One Big Thing: Do you think our democracy is weakened if Congress works and votes remotely during the COVID-19 pandemic?
- The U.S. House of Representatives was set to resume working on Monday, May 4, but last week Congressmen and women were told to stay in their districts due to the worsening COVID-19 outbreak in Washington D.C. Meanwhile, the Senate is back in session.
- Members of both parties from the House and Senate are coming together to think about possible remote voting procedures to be put into place, but significant differences are emerging about how to proceed. Nancy Pelosi and Mitch McConnell are cautious about such a significant change in voting procedures.
- It is important to remember that our elected officials are not immune to COVID-19 or its effects. Already, members and staffers have tested positive and the average age of senators(just over 60) is just under the CDC’s threshold high-risk for severe illness.
Why is it important?
- Arguments which oppose remote voting for Congress have emphasized that the House and Senate rules do not allow for remote voting as members must be physically present to cast their vote. Some members have said they are “essential workers” and must report to work.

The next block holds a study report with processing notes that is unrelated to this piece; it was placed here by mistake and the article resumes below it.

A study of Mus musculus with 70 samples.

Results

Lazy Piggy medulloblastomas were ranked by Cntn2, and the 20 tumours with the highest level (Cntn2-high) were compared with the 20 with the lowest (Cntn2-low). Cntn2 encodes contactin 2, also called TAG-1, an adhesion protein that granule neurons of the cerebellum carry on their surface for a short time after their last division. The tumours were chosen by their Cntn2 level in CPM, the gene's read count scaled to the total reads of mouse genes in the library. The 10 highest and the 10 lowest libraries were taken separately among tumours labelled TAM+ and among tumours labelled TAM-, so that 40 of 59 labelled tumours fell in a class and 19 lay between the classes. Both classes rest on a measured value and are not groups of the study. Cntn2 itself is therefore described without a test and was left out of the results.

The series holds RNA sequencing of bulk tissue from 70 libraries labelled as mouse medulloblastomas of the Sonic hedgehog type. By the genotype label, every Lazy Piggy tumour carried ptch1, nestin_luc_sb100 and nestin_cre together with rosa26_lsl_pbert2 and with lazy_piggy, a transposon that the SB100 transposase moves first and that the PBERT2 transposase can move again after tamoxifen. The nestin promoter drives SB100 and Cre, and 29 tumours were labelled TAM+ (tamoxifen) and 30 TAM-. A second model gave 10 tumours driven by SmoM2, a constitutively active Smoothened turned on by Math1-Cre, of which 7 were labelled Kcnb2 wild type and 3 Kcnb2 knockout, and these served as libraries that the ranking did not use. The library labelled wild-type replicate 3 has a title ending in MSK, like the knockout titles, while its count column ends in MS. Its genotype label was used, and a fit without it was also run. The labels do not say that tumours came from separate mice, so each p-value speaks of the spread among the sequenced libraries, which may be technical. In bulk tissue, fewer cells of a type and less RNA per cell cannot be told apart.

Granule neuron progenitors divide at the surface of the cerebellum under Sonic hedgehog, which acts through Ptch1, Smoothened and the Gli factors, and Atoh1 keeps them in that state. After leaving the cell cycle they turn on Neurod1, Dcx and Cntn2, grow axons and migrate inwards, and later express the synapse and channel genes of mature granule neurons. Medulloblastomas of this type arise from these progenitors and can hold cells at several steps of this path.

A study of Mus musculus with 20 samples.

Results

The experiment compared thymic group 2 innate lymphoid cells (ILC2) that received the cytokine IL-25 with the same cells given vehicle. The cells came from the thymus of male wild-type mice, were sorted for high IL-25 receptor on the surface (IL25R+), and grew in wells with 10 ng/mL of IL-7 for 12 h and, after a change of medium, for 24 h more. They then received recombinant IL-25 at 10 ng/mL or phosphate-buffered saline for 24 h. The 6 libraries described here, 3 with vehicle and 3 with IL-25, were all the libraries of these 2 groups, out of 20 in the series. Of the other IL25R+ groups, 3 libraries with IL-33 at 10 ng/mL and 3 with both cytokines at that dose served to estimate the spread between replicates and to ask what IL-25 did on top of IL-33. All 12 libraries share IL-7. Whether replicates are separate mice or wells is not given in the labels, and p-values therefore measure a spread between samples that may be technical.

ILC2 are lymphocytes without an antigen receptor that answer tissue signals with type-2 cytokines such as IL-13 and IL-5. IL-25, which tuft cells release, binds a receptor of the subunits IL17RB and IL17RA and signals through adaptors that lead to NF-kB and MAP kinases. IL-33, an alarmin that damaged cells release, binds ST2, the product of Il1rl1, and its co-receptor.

- Others have argued that Congress should be setting the example for their constituents by following the same quarantine measures as everyone else. Also, because of the logistics of rollcall voting, it would be very difficult for members to effectively social distance. A bipartisan resolution from Senators Portman (R-OH) and Durbin (D-IL) proposes to allow for remote working.
- Regardless of how, it is essential that Congress resumes working and voting as soon as possible to ensure continuity of government. Passing bi-partisan COVID-19 stimulus bills raised Congressional approval ratings, but if Congress is unable to vote or continue to work in a bi-partisan manner to respond to the current crisis, the public’s goodwill could quickly shift.